So You Want to Talk About Race Themes
The main themes in So You Want to Talk About Race are deeds over words, righteous anger, and constant criminalization.
- Deeds over words: Though it is important to talk about the issues of racism and prejudice, Oluo emphasizes that action is even more crucial.
- Righteous anger: Oluo shows how the anger of Black and brown Americans is completely justified and invites readers to work to alleviate racial injustice.
- Constant criminalization: One of the important topics Oluo discusses is the school-to-prison pipeline, which is just one of the methods by which people of color are criminalized in the United States.
Last Updated on August 5, 2020, by eNotes Editorial. Word Count: 861
Deeds Over Words
Oluo is adamant about the need for real action on the part of oppressed people—not just talking about the issues. She has seen firsthand that some people are almost addicted to saying the right things without doing the right things. To provide a personal example, Oluo explains that she had been asked to participate in a march in support of women’s issues, and she turned the hosts down. The hosts had asked her to speak without being paid, and Oluo did not want to contribute to the further economic exploitation of women of color by addressing the audience for free, especially when this particular project had a large budget.
Broadly, Oluo asks that those who bear witness to racism do two things: call out the racism and tie the incident to specific actions that will remedy the situation. The chapters of the book that focus on education dictate that readers not only speak out against white supremacist history but also suggest revisions to school curricula. If, for example, a teacher uses a racial slur, they should be called out for the incident, but this shouldn’t be the only action that takes place. In addition, the entire school system should be interrogated: How many teachers of color work at the school? How many administrators of color are in the school system? Every racist incident has a complicated history and context, and readers should not be afraid to uncover that story and do the hard work of making all of our societal systems more diverse and accessible to all.
Understanding a racial issue will never be the same as taking action to rectify a racial issue. Oluo’s call to action is clear and strong:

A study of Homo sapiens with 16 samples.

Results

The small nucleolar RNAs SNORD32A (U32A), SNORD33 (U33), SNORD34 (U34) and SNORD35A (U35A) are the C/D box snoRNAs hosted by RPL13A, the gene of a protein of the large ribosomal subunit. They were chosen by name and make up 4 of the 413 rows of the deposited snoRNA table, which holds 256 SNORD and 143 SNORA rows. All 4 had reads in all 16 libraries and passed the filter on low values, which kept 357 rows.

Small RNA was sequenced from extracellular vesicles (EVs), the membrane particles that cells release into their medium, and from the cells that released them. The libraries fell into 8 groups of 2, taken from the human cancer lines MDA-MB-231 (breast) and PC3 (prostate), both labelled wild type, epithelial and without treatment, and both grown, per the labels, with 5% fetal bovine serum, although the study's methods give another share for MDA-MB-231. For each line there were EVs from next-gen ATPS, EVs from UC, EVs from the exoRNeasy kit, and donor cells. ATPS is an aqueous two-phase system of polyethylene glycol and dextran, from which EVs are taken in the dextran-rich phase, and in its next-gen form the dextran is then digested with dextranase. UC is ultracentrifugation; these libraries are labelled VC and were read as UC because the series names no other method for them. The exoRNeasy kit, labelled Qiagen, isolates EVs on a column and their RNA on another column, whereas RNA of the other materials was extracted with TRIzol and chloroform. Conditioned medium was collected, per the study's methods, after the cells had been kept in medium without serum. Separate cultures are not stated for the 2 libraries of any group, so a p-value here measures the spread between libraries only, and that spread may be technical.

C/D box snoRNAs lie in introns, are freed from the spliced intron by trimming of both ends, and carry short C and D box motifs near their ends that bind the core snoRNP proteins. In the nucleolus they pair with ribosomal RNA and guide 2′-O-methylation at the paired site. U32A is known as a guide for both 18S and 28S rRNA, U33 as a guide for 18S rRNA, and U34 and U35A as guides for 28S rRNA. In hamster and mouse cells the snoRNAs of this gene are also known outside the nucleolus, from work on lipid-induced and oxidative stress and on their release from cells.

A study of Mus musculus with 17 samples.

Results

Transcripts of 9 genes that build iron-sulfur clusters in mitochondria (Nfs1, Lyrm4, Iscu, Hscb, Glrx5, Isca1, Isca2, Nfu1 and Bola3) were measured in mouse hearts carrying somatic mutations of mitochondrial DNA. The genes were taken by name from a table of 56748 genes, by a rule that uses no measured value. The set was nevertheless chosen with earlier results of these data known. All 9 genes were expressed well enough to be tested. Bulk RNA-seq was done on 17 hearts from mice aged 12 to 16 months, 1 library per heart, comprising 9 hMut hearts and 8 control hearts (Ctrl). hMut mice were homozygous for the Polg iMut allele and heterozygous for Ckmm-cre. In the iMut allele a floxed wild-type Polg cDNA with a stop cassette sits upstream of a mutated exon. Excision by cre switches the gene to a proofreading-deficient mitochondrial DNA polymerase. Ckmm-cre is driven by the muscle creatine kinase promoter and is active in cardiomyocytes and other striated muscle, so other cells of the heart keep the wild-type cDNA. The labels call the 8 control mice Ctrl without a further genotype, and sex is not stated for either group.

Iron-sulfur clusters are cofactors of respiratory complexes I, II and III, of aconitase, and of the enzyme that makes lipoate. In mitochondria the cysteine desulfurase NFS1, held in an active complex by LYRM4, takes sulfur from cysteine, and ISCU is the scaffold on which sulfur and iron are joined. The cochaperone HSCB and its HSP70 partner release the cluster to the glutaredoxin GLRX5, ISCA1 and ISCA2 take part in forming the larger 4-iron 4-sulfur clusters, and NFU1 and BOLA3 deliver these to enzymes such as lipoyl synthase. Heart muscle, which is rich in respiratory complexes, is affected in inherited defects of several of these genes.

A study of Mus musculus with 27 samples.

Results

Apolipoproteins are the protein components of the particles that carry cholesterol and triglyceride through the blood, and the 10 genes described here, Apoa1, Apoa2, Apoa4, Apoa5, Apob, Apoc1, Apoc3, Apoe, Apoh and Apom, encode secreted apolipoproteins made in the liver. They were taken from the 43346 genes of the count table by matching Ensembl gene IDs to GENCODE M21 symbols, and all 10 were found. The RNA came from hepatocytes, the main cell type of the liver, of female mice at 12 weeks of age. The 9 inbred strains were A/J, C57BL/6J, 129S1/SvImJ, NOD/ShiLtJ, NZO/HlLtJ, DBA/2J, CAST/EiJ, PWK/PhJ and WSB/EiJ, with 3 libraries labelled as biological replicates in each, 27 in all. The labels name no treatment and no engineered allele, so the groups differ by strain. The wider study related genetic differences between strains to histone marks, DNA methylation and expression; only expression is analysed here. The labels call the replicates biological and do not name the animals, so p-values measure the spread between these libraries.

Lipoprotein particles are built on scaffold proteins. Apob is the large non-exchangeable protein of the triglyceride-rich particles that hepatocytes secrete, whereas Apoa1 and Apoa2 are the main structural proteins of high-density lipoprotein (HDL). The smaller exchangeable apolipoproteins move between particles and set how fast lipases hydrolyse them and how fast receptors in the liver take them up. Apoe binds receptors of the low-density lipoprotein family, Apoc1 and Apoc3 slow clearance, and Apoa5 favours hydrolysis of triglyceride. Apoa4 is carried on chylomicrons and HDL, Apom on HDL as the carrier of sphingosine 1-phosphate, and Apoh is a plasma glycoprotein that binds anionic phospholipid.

Talk. Please talk and talk and talk some more. But also act. Act now, because people are dying now in this unjust system. How many lives have been ground up by racial prejudice and hate? How many opportunities have we already lost?
Actions we must take include voting (both locally and nationally), working in communities and schools, bearing witness to discrimination, and speaking up in unions. Beyond that, we should support businesses owned by people of color and boycott banks that exploit and exclude people of color. The possibilities for meaningful action, Oluo shows, are boundless.
From unsolicited comments about their hair to unjust traffic stops, arrests, and police violence, Black and brown Americans have plenty to be angry about. Oluo encourages readers to acknowledge this anger and come up with constructive actions to alleviate the injustice. Furthermore, Oluo asks that readers be very aware of “tone policing” in all discussions of race and racism. Tone policing occurs when one party of a conversation, usually the privileged party, tries to move the conversation about the oppression to the “way” the oppression is being discussed. Tone policing usually privileges the comfort of the oppressor. Oluo observes that tone policing is used to shut down hard conversations about everything from unequal educational opportunities to unequal prison sentences.
Oluo’s principles of free and open discussion may be used by readers today to navigate the current landscape of vicious racism and...
(The entire section contains 861 words.)